Updated: Sep 23, 2022
Following on from death trip, day 12, Friday, 19th April 2013
The Col du Somport to Villanúa, 16 km – 4 hours
Photo: the view from the Albergue window
I climbed to the Somport Pass in the Pyrenees, and walked across the border from France to Spain. A small achievement in life.
The Albergue Aysa is 100 meters across the border. I removed my pack and boots in the entrance and padded, in my wet socks, over to the bar. Customers were lined up at the bar, and they all turned, as one, to stare at me, the stranger, just like a western saloon.
Me “do you have a bed for the night?”
Me “can I have a …” starts crying
Splodge out to the entranceway, take a deep breath, compose myself, squelch back in
Me “can I have a bed?”
Me “and can I have a …” starts crying again
After an emotional conversation, I paid for a coffee and bed. I lugged my gear up the stairs to the all wood dorm-style rooms, it smelled like a pine forest.
On the Camino, the first thing you do when you get to your accommodation is “claim your space” by laying your sleeping bag out. Then you unpack your necessary gear and as quick as possible get a shower. This became a rule for me. Never ever drink alcohol before the bed is ready, never sit down until I have showered.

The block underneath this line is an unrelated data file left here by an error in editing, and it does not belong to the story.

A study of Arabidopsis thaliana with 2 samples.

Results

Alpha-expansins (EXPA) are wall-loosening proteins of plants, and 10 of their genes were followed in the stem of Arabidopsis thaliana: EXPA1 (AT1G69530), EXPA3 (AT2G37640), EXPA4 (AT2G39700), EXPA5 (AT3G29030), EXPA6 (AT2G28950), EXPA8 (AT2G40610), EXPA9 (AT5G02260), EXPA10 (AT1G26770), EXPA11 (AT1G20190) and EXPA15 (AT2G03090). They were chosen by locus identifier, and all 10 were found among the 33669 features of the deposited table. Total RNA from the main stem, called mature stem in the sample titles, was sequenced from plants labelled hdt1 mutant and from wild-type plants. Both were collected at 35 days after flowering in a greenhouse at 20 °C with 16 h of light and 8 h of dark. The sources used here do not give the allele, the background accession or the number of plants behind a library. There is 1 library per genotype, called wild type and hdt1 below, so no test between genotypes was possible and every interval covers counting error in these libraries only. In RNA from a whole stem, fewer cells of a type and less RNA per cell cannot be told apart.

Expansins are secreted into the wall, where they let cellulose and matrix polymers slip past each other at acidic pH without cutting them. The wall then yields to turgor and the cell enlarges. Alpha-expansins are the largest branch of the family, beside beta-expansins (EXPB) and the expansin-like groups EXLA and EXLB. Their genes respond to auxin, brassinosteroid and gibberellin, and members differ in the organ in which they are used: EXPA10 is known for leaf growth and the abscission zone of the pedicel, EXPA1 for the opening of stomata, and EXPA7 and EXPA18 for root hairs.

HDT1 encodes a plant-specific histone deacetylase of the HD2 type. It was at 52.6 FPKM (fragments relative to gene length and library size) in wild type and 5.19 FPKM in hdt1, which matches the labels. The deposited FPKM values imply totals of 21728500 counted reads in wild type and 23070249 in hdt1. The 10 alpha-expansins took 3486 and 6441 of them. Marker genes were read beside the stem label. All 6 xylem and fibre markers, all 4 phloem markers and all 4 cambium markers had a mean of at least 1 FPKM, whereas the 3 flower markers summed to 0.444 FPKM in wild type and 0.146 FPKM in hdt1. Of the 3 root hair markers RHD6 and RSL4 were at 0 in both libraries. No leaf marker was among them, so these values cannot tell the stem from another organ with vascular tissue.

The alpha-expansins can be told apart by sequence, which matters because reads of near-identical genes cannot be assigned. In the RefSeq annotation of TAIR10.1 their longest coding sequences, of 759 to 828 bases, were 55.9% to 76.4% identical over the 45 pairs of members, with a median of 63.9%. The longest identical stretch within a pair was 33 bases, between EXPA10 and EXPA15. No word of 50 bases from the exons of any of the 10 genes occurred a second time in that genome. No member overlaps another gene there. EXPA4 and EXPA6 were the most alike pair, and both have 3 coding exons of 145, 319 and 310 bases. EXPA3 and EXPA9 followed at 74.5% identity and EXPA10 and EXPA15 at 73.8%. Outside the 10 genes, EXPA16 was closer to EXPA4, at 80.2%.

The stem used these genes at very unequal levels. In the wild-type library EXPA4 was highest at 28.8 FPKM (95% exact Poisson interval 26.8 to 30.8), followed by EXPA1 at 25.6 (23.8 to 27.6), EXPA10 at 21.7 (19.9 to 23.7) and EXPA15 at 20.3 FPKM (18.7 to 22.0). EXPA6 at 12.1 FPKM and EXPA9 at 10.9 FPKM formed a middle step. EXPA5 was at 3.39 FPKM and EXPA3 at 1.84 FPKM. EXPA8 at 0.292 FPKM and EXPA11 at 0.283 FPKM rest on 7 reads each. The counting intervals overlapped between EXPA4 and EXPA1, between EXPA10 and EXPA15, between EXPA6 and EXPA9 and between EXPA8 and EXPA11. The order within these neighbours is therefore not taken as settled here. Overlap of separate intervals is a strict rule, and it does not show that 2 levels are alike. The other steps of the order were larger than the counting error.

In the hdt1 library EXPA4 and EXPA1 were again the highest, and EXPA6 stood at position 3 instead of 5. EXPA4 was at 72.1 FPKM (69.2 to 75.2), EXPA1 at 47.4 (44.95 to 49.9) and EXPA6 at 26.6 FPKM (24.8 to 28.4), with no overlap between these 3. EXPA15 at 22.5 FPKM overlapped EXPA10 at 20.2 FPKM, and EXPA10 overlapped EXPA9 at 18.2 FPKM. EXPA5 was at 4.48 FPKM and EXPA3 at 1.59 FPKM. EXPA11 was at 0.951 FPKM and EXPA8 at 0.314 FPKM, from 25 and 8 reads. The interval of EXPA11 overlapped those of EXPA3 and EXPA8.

It was a bad night, looking back, I think it was a potential PTSD event.
It was a bad bad night and I wasn't feeling too happy when I woke up to Wake Up by Rage Against the Machine. After a long rejuvenating shower, I packed my pack and padded downstairs for breakfast. This was a new day, this was a new me, this was another start to my Camino, this was … a total white-out, what the? The storm had continued all night and even now, I could hardly see the other side of the road. If I had tried to make a shelter out there last night, I would be dead. Instead of a story to tell, I would be a headline, “body of Scots idiot hiker found in mountains”.
I decided to wait the blizzard out. I was absent-mindedly watching the snow blast around the car park when a bus pulled up and drop off a lone passenger. When he hefted his pack onto his shoulder, I caught a flash of a Camino shell.
His name was Paulo, from Brazil, and he was waiting for another bus to dump off three more pilgrims from Portugal. Turns out, two years earlier they met on the Camino in St Jean Pied de Port (Camino Frances) and agreed to meet up and do it again. He called me over, and after a brief story swap, invited me to join the little band. An hour later three short tubby baldheaded men stomped in from the snow. Their smiles lit up the room. I am not Sherlock but I surmised these were the Portuguese we were waiting for.
At midday, the snow was easing off, a fraction. There was no chance of following the Camino path, it was at least 50cm deep in snow. So, we agreed to walk the road down the mountain until we could safely join the footpath, somewhere.
We shook hands, wished each other a Buen Camino, and set off into the white.